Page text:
The areas finest Norwegian-Italian restaurant

History

Mmmmmmmmmmmmoooooooo! DID YOU KNOW?

Sven was talking to Ole one day and he asked him what makes Ole & Lena's pizza so good?
"It's da cheese," said Ole. "All of da cows are from Wisconsin and dey make the best cheese in da world."

"You're telling me da cows make all your cheese?" replied Sven.

"No. All of da cheese is made in Minnesota from Wisconsin dairies. Da cows in Minnesota are too busy making ice cream," said Ole.

Ole & Lena's cheese is made locally in Rice, MN. Our special blend of cheesy goodness is made up of mozzarella, cheddar, and fresh provolone in one of the best cheese processing plants in the world. But don't take our word for it—try it for yourself and taste the dierence!

If Ole & Lena say it's 'pretty good,' then you know it has to be 'pretty good!'

Uda, that's a lot of pizza!

Lena has always been a pretty good cook but sometimes even Ole has to step in and give her a hand making pizzas when it gets busy (even though she says she doesn't need his help).
Over the course of a year, Ole & Lena make more than 25,000 pizzas here and in our West Acres Mall location in Fargo, ND. We use enough cheese that each fan, player, and security guard during a North Dakota State Bison football game at the Fargo Dome could hold a pound of cheese and it still wouldn't be enough to make all of our pizzas throughout the year!
And don't forget about the pepperoni. Ole and Lena make so many pepperoni pizzas that if each two-inch piece of pepperoni used on our pizzas was laid in a straight line, it would go past Fergus Falls, MN - more than 20 miles of pepperoni!

But Ole & Lena's Pizzeria has never intended to be the largest pizza maker - only the best. Each pizza is hand-tossed and made to order the way you want it.

We sincerely appreciate your patronage and support in helping make Ole & Lena's Pizzeria the nest Norwegian-Italian Restaurant in the area. Thank You!

Long before pizzas were being served here at Ole & Lena’s Pizzeria, the town of Rothsay, Minnesota was home to many Norwegian immigrants who probably never imagined their prized hotdish casseroles would be eaten on top of pizza. But then again, Ole and Lena have always been a couple of inventive cooks. Start with some Norwegian roots, throw in a dash of Italian seasoning, mix together in a small town, and top it off with a little quirkiness, and you’ve got a restaurant concerned with making the best food possible at reasonable prices. Life seems to move at a slower pace in small towns. So sit down, relax, and let Ole and Lena do the cooking while you visit with friends and family.

About the Rothsay, Minnesota building

H.G. Stordock was appointed a mailman on a route between St. Paul and Glyndon, Minnesota when he and his wife, Anna, moved to a small town about ten miles west of here called Manston in 1876.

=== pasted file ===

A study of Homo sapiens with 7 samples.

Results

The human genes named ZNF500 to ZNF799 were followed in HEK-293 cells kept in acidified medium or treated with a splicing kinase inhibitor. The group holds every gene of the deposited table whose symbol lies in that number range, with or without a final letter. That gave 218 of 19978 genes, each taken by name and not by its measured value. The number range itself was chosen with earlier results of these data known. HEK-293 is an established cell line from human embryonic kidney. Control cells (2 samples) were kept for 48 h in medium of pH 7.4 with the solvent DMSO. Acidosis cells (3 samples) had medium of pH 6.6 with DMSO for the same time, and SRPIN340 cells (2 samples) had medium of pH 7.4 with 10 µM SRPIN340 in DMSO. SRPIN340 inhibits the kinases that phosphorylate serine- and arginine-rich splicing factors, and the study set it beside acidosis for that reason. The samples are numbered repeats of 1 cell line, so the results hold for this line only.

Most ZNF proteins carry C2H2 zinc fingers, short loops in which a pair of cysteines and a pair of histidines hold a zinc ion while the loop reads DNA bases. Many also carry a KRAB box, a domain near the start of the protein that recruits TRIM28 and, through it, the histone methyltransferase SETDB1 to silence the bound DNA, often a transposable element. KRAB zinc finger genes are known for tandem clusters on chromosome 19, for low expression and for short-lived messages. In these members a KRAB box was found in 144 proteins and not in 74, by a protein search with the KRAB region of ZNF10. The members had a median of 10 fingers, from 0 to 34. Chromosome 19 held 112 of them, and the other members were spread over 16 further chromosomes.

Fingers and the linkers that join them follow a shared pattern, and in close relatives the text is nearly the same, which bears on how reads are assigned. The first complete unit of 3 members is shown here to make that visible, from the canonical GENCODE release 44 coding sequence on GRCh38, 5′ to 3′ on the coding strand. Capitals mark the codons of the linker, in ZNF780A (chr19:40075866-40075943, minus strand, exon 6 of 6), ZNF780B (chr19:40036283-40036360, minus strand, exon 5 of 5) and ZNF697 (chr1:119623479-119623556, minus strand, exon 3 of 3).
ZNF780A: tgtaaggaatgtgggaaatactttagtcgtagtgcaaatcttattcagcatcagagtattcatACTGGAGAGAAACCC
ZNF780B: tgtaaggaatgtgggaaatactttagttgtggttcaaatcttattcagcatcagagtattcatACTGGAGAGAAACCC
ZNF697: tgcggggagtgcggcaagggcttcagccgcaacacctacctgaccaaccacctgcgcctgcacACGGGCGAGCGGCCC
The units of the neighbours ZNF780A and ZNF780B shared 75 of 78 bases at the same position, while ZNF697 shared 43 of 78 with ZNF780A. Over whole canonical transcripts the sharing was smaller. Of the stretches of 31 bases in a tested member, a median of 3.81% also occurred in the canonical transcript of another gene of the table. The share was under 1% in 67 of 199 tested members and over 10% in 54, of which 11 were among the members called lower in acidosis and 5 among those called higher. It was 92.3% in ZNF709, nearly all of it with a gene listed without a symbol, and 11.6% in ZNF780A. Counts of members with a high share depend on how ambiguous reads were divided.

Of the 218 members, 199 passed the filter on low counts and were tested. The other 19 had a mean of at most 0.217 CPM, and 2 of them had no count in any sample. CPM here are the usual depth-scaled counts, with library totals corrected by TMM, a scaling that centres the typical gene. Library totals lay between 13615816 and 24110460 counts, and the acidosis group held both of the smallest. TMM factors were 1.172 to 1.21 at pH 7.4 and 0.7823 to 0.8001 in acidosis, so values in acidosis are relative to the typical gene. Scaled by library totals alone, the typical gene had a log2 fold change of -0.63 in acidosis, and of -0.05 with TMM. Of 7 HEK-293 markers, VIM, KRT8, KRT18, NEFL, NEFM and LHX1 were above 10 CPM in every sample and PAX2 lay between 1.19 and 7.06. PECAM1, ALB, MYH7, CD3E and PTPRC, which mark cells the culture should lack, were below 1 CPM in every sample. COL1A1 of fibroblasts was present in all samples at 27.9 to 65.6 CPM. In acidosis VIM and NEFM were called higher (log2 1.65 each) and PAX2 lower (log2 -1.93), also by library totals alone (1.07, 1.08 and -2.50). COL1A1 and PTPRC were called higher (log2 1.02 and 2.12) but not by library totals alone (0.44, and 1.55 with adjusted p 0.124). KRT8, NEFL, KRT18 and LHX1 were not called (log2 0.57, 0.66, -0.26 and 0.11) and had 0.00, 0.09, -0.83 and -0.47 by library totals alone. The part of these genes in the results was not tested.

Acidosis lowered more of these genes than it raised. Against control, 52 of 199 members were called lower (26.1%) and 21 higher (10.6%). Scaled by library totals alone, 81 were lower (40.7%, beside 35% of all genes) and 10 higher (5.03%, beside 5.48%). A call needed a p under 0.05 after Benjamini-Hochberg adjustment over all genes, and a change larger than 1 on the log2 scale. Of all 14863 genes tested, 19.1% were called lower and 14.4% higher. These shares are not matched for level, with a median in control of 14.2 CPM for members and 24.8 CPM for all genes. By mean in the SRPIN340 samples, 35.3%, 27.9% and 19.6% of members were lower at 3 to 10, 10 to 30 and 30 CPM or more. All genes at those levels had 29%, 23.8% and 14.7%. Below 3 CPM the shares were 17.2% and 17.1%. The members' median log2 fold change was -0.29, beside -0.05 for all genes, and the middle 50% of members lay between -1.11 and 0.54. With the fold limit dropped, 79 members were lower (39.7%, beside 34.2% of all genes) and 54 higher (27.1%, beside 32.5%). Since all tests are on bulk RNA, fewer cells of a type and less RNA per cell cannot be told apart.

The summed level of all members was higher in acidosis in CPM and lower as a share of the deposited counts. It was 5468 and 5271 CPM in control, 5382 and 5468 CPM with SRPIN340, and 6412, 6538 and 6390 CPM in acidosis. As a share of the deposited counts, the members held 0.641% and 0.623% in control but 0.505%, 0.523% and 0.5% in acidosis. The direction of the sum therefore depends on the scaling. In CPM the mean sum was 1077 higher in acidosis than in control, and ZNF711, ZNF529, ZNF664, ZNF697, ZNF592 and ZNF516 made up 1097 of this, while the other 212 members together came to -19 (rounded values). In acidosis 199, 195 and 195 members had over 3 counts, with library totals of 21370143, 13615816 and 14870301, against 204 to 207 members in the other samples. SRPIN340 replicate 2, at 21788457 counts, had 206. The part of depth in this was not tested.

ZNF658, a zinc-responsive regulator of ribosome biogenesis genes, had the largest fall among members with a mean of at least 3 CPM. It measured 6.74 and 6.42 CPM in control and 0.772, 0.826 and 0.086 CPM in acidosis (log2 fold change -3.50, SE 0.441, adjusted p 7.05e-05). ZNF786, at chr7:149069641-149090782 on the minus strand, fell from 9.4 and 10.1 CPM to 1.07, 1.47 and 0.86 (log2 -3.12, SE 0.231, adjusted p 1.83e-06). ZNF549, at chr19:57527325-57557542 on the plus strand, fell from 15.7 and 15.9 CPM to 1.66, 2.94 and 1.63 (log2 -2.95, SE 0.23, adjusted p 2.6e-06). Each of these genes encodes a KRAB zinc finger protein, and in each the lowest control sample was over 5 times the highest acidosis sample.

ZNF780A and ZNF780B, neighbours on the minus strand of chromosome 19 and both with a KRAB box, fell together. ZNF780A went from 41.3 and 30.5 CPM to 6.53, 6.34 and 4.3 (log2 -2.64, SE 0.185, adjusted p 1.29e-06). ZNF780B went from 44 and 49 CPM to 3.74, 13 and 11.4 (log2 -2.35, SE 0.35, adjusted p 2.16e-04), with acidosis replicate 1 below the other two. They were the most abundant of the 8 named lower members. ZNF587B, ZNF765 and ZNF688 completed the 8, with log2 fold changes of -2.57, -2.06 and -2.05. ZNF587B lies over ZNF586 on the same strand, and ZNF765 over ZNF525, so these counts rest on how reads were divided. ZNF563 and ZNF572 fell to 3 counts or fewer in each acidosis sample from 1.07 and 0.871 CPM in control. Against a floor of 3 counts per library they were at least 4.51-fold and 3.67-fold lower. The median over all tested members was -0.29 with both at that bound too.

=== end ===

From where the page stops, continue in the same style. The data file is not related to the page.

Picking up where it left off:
After a period of time, Stordock gave up the mail profession and built a warehouse in Manston used for buying and selling wheat.

Although Stordock’s business was good, it wasn’t long before both Manston and Rothsay’s fates were sealed with the coming of the main line of the St. Paul, Minneapolis, and Manitoba railroad (later reorganized as the Great Northern) through Rothsay in 1879. Knowing that Manston’s future would be short, Stordock offered to swap his business with newcomer A.B. Pederson’s general store in Rothsay but Pederson wisely declined. Stordock later acquired a plot of land in Rothsay by swapping his land with Rothsay-founder Christian Tanberg and moved his building to its present site.

The earliest picture of Rothsay in the mid 1880s (below) clearly shows Stordock’s building as it probably appeared in Manston a few years earlier. Note the balcony off of the front of the building, the original front door placement in the center of the building, and the front façade before the top corners were clipped years later. The original building was also about 10 feet shorter as the back portion of the building was added some time later.Downtown Rothsay, MN

In the fall of 2006, Shane Balken, Matt Balken, and Greg Brandt renovated this building, completely stripping the building down to its original frame. The building was moved off of the original foundation for a new cement slab to be poured and the roof was replaced with new rafters and shingles. The beams in the front of the building were made from the original floor joists and the sawmill cuts can still be seen from more than 130 years ago. The boards on the balcony were saved from the outside of the building and are believed to be the original siding.

Throughout its history, this building has been used as a general store; an implement dealer shop by Wood & Fisher, Calmer Jorve, Hans Thorstenson, and Donald Burgett; a furniture store by Orris and Clarice Grina; a produce shop by Max Goltz; an apartment upstairs; a restaurant and pool hall known by many as “Whist Acres”; and several other uses that probably only H.G. Stordock and other Rothsay pioneers would ever know.

Today, Ole & Lena’s Pizzeria is proud to call it home.

Long before pizzas were made here, H.G. Stordock moved this building to Rothsay with other intentions. Today, in addition to this building, only one original building from the mid 1880s is left standing in Rothsay. It is T.K. Brye/Gambles Store (A). The Hamar Church Building (B) was moved to a site near Pelican Rapids in 2010.